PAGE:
Dodd-Frank, ATR, QM, QRM…and the CFPB.
The date it all comes to pass: January 10, 2014. Why is this in the news, and why should it be that we care? These are sweeping financial reforms we must all live by that will impact consumers, real estate and financial professionals for many years to come. The rules and the game are different as of 1-10-14….find a grab handle and hold on…
Federal regulations, primarily affecting financial institutions and their customers, that the Obama administration passed in 2010 in an attempt to prevent the recurrence of events that caused the 2008 financial crisis. The Dodd-Frank Wall Street Reform and Consumer Protection Act, commonly referred to as simply “Dodd-Frank”, is designed to lower risk in various parts of the U.S. financial system. It is named after U.S. Senator Christopher J. Dodd and U.S. Representative Barney Frank because of their significant involvement in the act’s creation and passage.
QM, ATR and QRM are born
After enactment of Dodd-Frank, the Federal Reserve Board announced a proposed qualified mortgage (QM) rule that would establish “ability to repay” standards for mortgage lending. The Federal Reserve, along with other federal regulatory agencies, also jointly released a proposed risk retention or qualified residential mortgage (QRM) rule to require parties involved in a transaction in which mortgage originations are sold to retain “skin-in-the-game” (a minimum percentage of the credit risk of financial products), which would result in the sharing of any eventual losses. Theoretically, adoption of ability to repay and risk-retention standards may discourage lenders from excessively relaxing lending standards, even during economic boom periods, thus making loan repayment more resilient to sudden shifts in short-term economic and financial conditions.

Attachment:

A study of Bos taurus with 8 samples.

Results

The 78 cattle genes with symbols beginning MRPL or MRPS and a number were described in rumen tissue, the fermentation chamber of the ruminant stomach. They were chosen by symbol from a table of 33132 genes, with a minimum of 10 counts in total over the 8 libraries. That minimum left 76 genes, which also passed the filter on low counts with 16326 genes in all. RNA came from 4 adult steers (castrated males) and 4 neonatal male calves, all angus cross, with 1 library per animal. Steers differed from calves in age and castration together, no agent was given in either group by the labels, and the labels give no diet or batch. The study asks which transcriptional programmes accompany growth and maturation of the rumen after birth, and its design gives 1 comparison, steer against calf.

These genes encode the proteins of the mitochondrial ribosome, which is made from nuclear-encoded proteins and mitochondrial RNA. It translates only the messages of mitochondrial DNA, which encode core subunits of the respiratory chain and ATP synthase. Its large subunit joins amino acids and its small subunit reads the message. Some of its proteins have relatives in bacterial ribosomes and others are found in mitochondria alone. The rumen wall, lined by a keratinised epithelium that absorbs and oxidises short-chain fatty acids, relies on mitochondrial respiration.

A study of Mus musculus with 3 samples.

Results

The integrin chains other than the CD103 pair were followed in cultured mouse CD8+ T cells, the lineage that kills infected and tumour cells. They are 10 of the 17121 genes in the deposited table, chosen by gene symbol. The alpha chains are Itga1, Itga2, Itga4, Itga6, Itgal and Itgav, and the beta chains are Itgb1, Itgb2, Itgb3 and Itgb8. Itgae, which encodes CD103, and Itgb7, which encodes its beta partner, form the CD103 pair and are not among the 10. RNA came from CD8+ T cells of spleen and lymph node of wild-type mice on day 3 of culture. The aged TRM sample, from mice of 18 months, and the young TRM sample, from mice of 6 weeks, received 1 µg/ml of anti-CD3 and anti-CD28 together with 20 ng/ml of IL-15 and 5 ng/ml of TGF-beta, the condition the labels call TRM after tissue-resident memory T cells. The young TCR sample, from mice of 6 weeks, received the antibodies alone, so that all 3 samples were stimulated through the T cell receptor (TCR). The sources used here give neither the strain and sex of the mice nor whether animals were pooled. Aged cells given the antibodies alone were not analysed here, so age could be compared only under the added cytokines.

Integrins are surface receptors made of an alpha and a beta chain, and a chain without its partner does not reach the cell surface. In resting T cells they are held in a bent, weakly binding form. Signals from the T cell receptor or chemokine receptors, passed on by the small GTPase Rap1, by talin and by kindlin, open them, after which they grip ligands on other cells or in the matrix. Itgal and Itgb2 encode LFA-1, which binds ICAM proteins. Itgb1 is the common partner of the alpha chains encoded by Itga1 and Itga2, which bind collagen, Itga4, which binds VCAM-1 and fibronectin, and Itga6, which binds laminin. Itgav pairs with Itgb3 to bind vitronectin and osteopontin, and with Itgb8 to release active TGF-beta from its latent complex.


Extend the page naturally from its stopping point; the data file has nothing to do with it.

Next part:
The Consumer Finance Protection Bureau (CFPB)
The CFPB is the federal agency that holds primary responsibility for regulating consumer protection with regards to financial products (mortgage guidelines) and services in the United States. It was founded as a result of Dodd-Frank.
Consumers, real estate brokers and financial professionals will benefit in knowing the ATR & QM definitions and rules:
What is a Qualified Mortgage (QM)?
The QM Rule focuses on: 1) A borrower’s Ability to Repay (ATR), and: 2) Defines what a QM is.
Ability to Repay (ATR)
Determining Ability to Repay:
The CFPB’s rules require lenders to consider eight factors when processing a loan application:
1. Current or reasonably expected income or assets.
2. Current employment status.
3. The monthly payment on the covered transaction.
4. The monthly payment on any simultaneous loan.
5. The monthly payment for mortgage-related obligations.
6. Current debt obligations, alimony, and child support.
7. The monthly debt-to-income ratio.
8. Credit history.
Qualified Mortgage (QM)
QM refers to all mortgages that will be available to consumers and sets specific standards for consumer loans. Generally, if a lender originates a QM as defined by the Rule, it is presumed that the lender has made a good faith and reasonable determination of the consumer’s “Ability to Repay (ATR)” and is therefore compliant with the Rule at the time the loan is consummated. Below is a general definition of a QM. There are some additional caveats for higher-priced loans and certain loans in rural areas, as well as for the 43% rule.
A Qualified Mortgage must have the following attributes:
1. No negative amortization.
2. No interest-only payments.
3. No balloon payments.
4. Term cannot exceed 30 years.
5. Cannot be a “No-doc” loan.
6. Points and fees cannot exceed 3 percent of the total loan amount.
7. The consumer’s debt-to-income ratio must be less than or equal to 43 percent.
Qualified Residential Mortgage (QRM)
QRM relates more to investors/lenders as opposed to consumers, and defines the actual criteria of a purchase or refinance for a one-to-four unit family property (where at least one unit is the principal dwelling of a borrower), and is related to required risk retention for those investors who create, sell, or transfer asset/mortgage-backed securities to third parties. These investors must retain at least 5% of the credit risk for this activity. However, among the exceptions in the currently proposed rule is that the risk retention requirements do not apply if all of the assets collateralizing the securities are QRMs.
QRM is still awaiting a Final Rule; unlike ATR/QM Rules, which are under the CFPB, the Federal Reserve Board (The Fed), the Office of the Comptroller of the Currency (OCC), the Federal Deposit Insurance Corporation (FDIC), the Securities and Exchange Commission (SEC), the Federal Housing Finance Agency (FHFA), and the Department of Housing and Urban Development (HUD), collectively, the “QRM Agencies,” are responsible for issuing final QRM rules.